Vancouver-based Visier Inc. has become the sixth technology company in the city to reach “unicorn” valuation this year after raising another US$125-million.
U.S. financial giant Goldman Sachs was the only participant in the round.
Visier, which sells cloud-based software to human resources departments that use artificial intelligence and machine learning to help them retain and recruit employees, achieved a US$1-billion or unicorn valuation with the funding. Goldman Sachs joins existing investors Sorenson Capital, Foundation Capital, Summit Partners and Adams Street Partners.
The funding for the 10-year-old data analytics firm extends a run for companies in the West Coast technology hub, and the country as a whole, as private capital financiers continue to drive record levels of investment here and abroad.
“Vancouver’s tech-sector boom is a long time coming,” said Warren Weiss, founding and managing partner at WestWave Capital and one of Visier’s original investors. “The city has always had a great set of technology institutions, and now has the infrastructure with big players like Amazon and Microsoft having moved in. The entrepreneurial community is maturing.”
At least eight companies outside Vancouver have also hit unicorn status in the past six months, in a stampede that signals the maturation of Canada’s tech sector, bolstered by a trend toward digitization and increased private-capital spending driven by low interest rates.
Last week, The Globe and Mail reported Canadian companies had already raised more than $7-billion in venture capital funding this year. With the latest round, Canada has now almost matched the full year record of $7.5-billion set in 2019, and is on track to surpass the high-water mark of 2000, when Canadian companies raised $6.4-billion, equal to $9.5-billion in current dollars.
“We weren’t even in the process of looking for another round. We’re about 10 years old and have a healthy business, having broken even for a while now,” said Visier co-founder and chief executive officer Ryan Wong. “This is opportunistic, to be honest.”
Visier plans to use the money to further develop the platform, expanding it to analyze sources of data from sales, marketing and finance, on top of its existing focus on human resources data. It says it will also expand business into Europe, the Middle East, Africa, Asia-Pacific and Japan, and consider acquisitions.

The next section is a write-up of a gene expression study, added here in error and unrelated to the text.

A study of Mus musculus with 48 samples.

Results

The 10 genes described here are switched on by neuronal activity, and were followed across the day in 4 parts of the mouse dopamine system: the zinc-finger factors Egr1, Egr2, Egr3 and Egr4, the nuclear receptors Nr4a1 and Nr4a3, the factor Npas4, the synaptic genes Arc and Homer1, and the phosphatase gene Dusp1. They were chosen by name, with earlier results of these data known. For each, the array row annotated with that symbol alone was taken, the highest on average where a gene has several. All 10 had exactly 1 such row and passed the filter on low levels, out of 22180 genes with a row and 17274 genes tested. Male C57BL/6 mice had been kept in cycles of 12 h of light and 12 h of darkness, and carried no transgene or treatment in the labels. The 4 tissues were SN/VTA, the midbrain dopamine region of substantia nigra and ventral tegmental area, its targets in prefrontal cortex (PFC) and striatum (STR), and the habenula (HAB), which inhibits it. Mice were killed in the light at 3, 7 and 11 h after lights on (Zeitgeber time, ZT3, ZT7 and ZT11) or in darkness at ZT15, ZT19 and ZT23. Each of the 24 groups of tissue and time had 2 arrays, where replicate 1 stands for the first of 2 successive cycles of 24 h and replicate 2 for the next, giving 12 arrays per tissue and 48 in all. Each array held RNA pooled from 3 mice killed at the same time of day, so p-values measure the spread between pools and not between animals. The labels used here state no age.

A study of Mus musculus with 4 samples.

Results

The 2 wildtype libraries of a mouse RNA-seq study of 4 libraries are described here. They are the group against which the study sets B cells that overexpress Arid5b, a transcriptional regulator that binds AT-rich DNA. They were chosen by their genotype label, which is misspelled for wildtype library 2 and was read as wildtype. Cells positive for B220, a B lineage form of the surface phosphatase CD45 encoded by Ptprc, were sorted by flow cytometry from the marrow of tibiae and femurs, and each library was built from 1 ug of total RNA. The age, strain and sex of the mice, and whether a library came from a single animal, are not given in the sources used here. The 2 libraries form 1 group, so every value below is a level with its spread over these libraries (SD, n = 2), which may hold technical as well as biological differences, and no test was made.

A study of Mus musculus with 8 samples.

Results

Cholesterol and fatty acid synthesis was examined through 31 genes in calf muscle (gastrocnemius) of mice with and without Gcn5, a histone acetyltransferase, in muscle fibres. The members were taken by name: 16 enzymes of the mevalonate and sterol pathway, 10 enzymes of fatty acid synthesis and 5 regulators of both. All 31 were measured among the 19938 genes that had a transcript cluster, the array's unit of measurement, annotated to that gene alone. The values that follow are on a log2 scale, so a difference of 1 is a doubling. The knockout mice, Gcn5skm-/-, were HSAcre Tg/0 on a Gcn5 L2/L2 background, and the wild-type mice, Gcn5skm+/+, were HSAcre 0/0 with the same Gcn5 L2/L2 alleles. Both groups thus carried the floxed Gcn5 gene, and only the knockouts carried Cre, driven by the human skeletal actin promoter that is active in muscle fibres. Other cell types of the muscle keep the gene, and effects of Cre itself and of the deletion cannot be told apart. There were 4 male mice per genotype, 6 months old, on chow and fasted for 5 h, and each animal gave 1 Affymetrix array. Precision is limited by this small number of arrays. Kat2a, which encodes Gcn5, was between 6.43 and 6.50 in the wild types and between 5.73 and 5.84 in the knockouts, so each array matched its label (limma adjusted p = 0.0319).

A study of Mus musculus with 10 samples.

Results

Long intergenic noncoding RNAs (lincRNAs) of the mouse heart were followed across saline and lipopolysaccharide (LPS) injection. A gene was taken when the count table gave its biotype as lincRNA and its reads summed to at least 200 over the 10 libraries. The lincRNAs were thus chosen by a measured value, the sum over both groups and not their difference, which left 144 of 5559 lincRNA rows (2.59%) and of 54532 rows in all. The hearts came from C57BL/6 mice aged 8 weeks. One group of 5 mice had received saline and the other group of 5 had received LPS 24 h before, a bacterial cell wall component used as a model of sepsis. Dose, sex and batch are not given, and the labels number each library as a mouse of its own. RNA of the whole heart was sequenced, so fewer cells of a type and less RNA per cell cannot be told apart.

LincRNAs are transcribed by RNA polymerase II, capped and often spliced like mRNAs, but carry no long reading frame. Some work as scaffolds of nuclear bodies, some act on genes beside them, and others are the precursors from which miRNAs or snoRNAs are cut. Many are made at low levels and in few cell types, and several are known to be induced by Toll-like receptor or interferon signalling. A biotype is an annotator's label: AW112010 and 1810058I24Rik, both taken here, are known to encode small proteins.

Visier is growing by about 30 per cent a year, though the COVID-19 pandemic temporarily slowed growth down to single digits last year, similar to many other enterprise software companies that had to adjust to the shutdown of corporate travel and conferences that typically drove a large volume of sales. It’s mostly recovered since then, owing to what Mr. Wong calls a “perfect storm” for HR departments.
“The pandemic has meant learning to manage a remote work force. At the same time, there’s more awareness around diversity and inclusion with the Black Lives Matter movement,” Mr. Wong said. “There’s a lot of pressure for companies to better know and understand their employees, and our product is built to answer those people-related questions.”
At the beginning of the pandemic, Visier laid off about 30 employees. It has since hired many of them back.
Mr. Wong has previously signalled an intention to take Visier public. With the latest funding round, the firm is one step closer to an initial public offering.
“One of the reasons we went with Goldman Sachs is that they’re a Tier 1 investment bank with plenty of experience in helping take a company public,” Mr. Wong said. “But our priority right now is growing the business and delivering value to our customers. We also have a chance to create plenty of liquidity before an IPO, so there is no rush to get there.”
Mr. Wong said the company is not yet ready for an IPO, citing the need to hit a few “internal milestones” including increasing revenue within 12 to 18 months, though its accounting has been International Financial Reporting Standards compliant – a standard for public companies – for more than a year.
“In terms of acquisitions, it’s not our focus, but if I find a company that would help us grow much faster, that might accelerate our IPO timeline,” Mr. Wong said. “It’s really a function of how fast we can grow.”
Visier has 417 employees worldwide, though it said it expects to complete the year with more than 500. The majority are based in Vancouver, where the increased presence of Silicon Valley giants has contributed to rising staffing costs. “That’s affected us from a hiring and retention perspective,” Mr. Wong said. “We’re in a very competitive market.”